Physical Therapy: When to Start Tummy Time

The first couple of days as a new parent may seem extremely overwhelming. You were given a laundry list of do’s and don’ts from your doctor, family members, and books. You may have heard the words "tummy time" thrown around within the mix of Do’s. Tummy time is when you place your baby on their belly for an extended period of time. It strengthens muscles needed to lift their head, roll over, and eventually sit.


Try to implement tummy time within the first week of being home. As you know, babies sleep for a majority of the time during their first of couple days alive. Too much time spent on one’s back may cause a flat spot on his/her head. The baby is often placed on the mother’s chest for skin-to-skin interaction in the first couple of hours after birth. This is considered tummy time! Continue to lay your newborn on your chest while lying in bed or on the couch.  At first, aim for 3-5 minutes of tummy time about 2-3 times a day. As your child gets older and stronger, increase to 40-60 minutes of tummy times a day.

Tips for Tummy Time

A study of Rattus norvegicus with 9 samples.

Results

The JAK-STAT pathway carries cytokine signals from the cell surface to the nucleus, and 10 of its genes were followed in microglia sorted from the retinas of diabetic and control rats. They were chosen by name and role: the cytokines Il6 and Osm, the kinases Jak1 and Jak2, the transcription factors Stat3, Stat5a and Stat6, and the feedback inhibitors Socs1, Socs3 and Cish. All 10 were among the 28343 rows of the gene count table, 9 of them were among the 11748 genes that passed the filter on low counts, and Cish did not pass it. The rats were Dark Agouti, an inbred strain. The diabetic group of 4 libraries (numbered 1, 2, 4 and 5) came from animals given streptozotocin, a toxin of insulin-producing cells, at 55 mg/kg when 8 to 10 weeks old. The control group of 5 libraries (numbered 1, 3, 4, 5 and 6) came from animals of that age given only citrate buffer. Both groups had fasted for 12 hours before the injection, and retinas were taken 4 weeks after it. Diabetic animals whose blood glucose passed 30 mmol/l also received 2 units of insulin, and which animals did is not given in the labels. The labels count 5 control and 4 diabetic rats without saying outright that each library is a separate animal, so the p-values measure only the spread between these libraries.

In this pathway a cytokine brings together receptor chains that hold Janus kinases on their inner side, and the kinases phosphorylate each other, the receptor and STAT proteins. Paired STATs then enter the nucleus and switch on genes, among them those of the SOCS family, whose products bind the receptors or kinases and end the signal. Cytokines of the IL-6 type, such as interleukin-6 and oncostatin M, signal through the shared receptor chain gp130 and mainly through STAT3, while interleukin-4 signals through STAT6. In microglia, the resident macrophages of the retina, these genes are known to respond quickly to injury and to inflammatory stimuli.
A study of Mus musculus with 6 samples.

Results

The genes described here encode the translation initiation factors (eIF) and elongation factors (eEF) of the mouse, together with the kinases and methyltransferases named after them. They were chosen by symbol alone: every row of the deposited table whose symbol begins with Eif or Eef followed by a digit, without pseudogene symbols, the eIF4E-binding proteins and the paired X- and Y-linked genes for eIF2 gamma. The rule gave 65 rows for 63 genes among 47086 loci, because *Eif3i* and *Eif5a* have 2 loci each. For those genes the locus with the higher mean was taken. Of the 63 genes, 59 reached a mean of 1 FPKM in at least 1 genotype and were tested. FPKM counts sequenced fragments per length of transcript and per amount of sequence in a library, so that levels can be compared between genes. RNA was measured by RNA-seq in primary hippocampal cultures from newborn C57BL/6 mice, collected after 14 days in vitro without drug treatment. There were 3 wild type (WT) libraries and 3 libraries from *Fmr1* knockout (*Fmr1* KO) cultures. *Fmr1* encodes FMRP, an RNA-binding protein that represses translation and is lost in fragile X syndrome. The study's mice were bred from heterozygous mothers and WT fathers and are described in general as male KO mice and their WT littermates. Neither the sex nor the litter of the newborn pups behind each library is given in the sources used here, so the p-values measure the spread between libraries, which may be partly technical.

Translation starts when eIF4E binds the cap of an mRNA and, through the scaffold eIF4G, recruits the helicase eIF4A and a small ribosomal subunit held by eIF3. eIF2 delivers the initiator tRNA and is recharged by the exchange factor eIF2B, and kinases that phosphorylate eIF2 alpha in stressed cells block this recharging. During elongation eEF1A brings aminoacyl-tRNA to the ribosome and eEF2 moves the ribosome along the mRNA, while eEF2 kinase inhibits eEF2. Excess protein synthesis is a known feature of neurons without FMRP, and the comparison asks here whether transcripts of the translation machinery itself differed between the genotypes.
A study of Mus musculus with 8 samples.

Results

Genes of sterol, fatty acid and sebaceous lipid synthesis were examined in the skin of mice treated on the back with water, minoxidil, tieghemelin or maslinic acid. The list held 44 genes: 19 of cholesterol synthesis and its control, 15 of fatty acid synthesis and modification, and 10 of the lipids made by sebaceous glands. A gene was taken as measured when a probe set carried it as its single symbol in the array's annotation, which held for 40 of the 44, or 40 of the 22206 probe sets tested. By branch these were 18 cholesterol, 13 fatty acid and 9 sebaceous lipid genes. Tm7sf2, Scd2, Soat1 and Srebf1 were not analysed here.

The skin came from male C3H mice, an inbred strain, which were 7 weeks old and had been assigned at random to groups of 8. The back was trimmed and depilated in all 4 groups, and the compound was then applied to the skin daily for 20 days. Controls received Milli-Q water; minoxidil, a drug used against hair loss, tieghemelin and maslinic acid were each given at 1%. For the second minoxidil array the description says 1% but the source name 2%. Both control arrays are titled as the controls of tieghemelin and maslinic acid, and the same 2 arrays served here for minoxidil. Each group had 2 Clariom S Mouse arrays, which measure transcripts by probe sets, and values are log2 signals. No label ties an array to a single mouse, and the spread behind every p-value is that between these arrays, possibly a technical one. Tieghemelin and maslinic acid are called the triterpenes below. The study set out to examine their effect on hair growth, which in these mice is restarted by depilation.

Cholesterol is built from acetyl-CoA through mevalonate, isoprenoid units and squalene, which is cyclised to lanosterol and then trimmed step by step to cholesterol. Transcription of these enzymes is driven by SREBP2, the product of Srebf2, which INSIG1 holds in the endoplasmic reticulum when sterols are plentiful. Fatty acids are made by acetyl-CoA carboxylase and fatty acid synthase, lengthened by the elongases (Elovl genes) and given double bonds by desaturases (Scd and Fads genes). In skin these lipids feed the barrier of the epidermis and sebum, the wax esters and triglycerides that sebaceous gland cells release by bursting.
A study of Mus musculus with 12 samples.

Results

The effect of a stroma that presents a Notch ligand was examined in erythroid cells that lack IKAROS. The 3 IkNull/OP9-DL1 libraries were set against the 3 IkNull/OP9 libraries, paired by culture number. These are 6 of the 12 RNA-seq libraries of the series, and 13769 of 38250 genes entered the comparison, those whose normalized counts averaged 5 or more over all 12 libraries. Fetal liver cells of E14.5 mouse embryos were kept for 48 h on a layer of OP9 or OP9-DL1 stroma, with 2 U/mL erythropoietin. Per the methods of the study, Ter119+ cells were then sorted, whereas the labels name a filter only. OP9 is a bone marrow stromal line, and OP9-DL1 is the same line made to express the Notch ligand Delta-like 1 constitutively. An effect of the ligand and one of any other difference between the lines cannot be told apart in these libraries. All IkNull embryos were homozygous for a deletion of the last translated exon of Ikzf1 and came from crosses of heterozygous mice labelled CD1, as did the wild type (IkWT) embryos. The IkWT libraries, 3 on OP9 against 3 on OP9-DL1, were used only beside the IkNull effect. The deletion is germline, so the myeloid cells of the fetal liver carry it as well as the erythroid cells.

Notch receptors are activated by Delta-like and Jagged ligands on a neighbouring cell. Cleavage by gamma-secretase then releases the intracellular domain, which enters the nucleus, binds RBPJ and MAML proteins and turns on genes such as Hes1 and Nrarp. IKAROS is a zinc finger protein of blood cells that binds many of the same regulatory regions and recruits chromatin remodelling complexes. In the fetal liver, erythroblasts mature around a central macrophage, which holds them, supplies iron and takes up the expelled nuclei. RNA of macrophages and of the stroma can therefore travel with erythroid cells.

Tummy time creates a playful environment for parent and child to interact. Place your baby on a clean blanket or mat while meeting your baby at eye level. If your newborn can only last a minute or two on the blanket, transition to your chest instead. During Tummy time, rattle toys or hold up mirrors for your child to look at. You can sing a song during this time as well. Other ways to implement tummy time with an infant include, burping him or her on your lap, drying off after a bath, or smoothing on lotion.

When to stop Tummy Time?

Tummy time will never officially come to an end. Once your baby has gained more strength, lying on their stomach to play will become a normal position. This usually occurs once they are able to move from tummy to side to back, and from back to side to tummy on their own. Rolling from their back onto their tummy will be the last movement learned. This generally occurs between 5-7 months old. At that point, you will not need to worry extensively about the hours your child spends on their tummy, as it will become second nature to them.


Chanda. "When Do I Stop Worrying About Tummy Time?" Pink Oatmeal. N.p., 07 Apr. 2016. Web. 23 June 2016.

"Tummy Time for Your Baby: What It Is and How to Do It." WebMD. WebMD, n.d. Web. 22 June 2016.